Published January 14, 2011
CORAL GABLES, Fla. -- Republicans gathering in South Florida to improve the party's outreach to Hispanic voters will tackle trade, education -- and the elephant in the room, immigration -- at a conference organized by the new Hispanic Action Network.
Former Florida Gov. Jeb Bush told a Republican gathering Thursday evening that the time is now to connect better with Latino voters, not two months before the general election.
Bush is co-chairing a conference Friday of the new Hispanic Action Network, part of the GOP's latest efforts to forge ties with the growing number of Latino voters. The conference will focus on trade, immigration, media outreach and education.
"Typically what happens in politics is you're working hard and you say, 'Oh gosh, we better start working at campaigning in the Hispanic community,' and it's like Sept. 15," he told the crowd at the elegant Biltmore Hotel in the Miami suburb of Coral Gables. "This is not about politics. This is about the conservative cause. If you look over the horizon over the next 10 or 20 years...without an active involvement of Hispanics, we will not be the governing philosophy."
The Hispanic Action Network is backed by former Minnesota Sen. Norm Coleman, whose American Action Network funneled more than $30 million in campaign funds to Republicans in about 30 congressional races last year.
With the Latino population growing in swing states such as Nevada, Colorado and Florida, Republicans need to chip away at Hispanics' overall 2-1 preference for Democrats to have any hope of capturing the presidency.
Democrats are confident their party's efforts on health care, education and theess "the more the merrier" as far as outreach programs go. Unlike Gingrich, Bush has ruled out running for president in 2012.
Of next year's crop of likely GOP presidential contenders, only former Minnesota Gov. Tim Pawlenty is scheduled to speak at the conference, where more than 600 are likely to attend.
But Republican groups have their work cut out for them following an election year in which Republican Senate candidate Sharon Angle of Nevada ran ads portraying illegal immigrants as thuggish gang members, and Hispanic voters overwhelmingly sided with Sen. Michael Bennet against Republican Ken Buck, a former county prosecutor who had tried to deport more illegal immigrants by seizing income-tax returns from accountants that catered to Spanish speakers. The plan was later thrown out by a court.
The House Republican leadership took a symbolic step toward bridging the gap with Latinos last week in bypassing Republican Rep. Steve King of Iowa as the next chairman of the Judiciary Committee's subcommittee on immigration. King once suggested on the House floor that an electrified border fence would stop illegal immigrants, likening it to the practice used to corral livestock.
"Obviously there was a message sent with Steve King not being selected for chair," said Aguilar, who is attending the conference. "But now the question is beyond ending harsh rhetoric: Will they actively propose a conservative proposal that goes beyond border control and domestic enforcement to a temporary work status."
As president, George W. Bush unsuccessfully pushed for sweeping immigration reform. But so far, the only new Republican proposal on immigration has come from a group of state lawmakers who are hoping for a Supreme Court ruling that would end the granting of automatic citizenship to the children of illegal immigrants.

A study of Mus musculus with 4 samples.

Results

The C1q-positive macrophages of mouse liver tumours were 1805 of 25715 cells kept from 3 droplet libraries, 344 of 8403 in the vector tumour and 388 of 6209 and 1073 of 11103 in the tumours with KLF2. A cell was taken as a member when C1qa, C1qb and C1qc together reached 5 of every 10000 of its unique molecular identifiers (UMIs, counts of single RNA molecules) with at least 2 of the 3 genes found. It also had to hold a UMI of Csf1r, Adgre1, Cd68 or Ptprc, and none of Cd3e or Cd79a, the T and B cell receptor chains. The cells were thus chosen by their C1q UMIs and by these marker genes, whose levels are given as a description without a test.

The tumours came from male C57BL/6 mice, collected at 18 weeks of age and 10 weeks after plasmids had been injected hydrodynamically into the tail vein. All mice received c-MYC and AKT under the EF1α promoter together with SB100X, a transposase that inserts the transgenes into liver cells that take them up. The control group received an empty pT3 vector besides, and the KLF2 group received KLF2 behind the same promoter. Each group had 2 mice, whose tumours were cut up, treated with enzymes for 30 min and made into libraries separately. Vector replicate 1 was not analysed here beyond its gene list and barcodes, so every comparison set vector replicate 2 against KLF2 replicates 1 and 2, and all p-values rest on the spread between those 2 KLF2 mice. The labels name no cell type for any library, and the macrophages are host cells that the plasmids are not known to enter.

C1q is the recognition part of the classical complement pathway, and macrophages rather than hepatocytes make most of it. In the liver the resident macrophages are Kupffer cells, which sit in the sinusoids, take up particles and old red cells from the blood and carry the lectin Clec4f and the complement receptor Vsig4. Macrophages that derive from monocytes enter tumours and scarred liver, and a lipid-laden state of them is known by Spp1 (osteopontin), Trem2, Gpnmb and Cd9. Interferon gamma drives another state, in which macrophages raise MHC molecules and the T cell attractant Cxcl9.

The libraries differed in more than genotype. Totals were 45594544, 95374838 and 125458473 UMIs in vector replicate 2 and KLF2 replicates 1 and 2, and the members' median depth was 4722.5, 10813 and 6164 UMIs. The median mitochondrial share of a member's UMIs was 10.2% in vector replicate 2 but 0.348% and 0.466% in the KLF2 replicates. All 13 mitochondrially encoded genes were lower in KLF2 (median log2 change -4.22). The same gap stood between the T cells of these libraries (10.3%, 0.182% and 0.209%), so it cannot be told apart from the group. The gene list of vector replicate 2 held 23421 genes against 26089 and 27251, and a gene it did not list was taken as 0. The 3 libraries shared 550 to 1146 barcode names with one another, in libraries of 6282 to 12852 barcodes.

Simon Rosenberg, head of the liberal-leaning NDN organization, applauded the efforts of Republicans such as Jeb Bush to reach Latinos.
"It would be bad for the Latino community to only have one political party working with them," he said.
But Rosenberg questioned the notion that Hispanics have more in common with conservatives, noting that many Hispanics lack health insurance and will benefit from the Democrats' recent health care overhaul.
He said the GOP needs more than improved outreach.
"There is a reactionary strain in the Republican Party that is angry about how the country is changing," he added, referring to the effects of immigration. "We are moving toward a majority nonwhite country. That is very difficult for some people to accept. And those people tend to be more Republican."
Bush and Gingrich support comprehensive immigration reform, but GOP leaders must still satisfy those who want to focus mainly on border security, including new Florida Gov. Rick Scott.
Scott was among the keynote speakers Thursday night. Other speakers include the co-chair, former Commerce Secretary Carlos Gutierrez, as well as Puerto Rican Gov. Luis Fortuno, former Colombian President Alvaro Uribe and Texas Sen. John Cornyn.
Coleman said he's proud of the diverse perspectives the conference will offer and hopes it leads to serious debate.
"So much of immigration is about tone," he said. Coleman added that Florida's Rubio and New Mexico's Martinez talk about immigration and border security "but in a tone that is helpful and respectful."
But neither Rubio nor Martinez will be at the conference, nor will newly elected Nevada Gov. Brian Sandoval, another Hispanic GOP star. Coleman said both Sandoval and Martinez have just begun their jobs and couldn't get away. A spokesman for Rubio said the senator would be working on official business outside of South Florida but declined to provide details.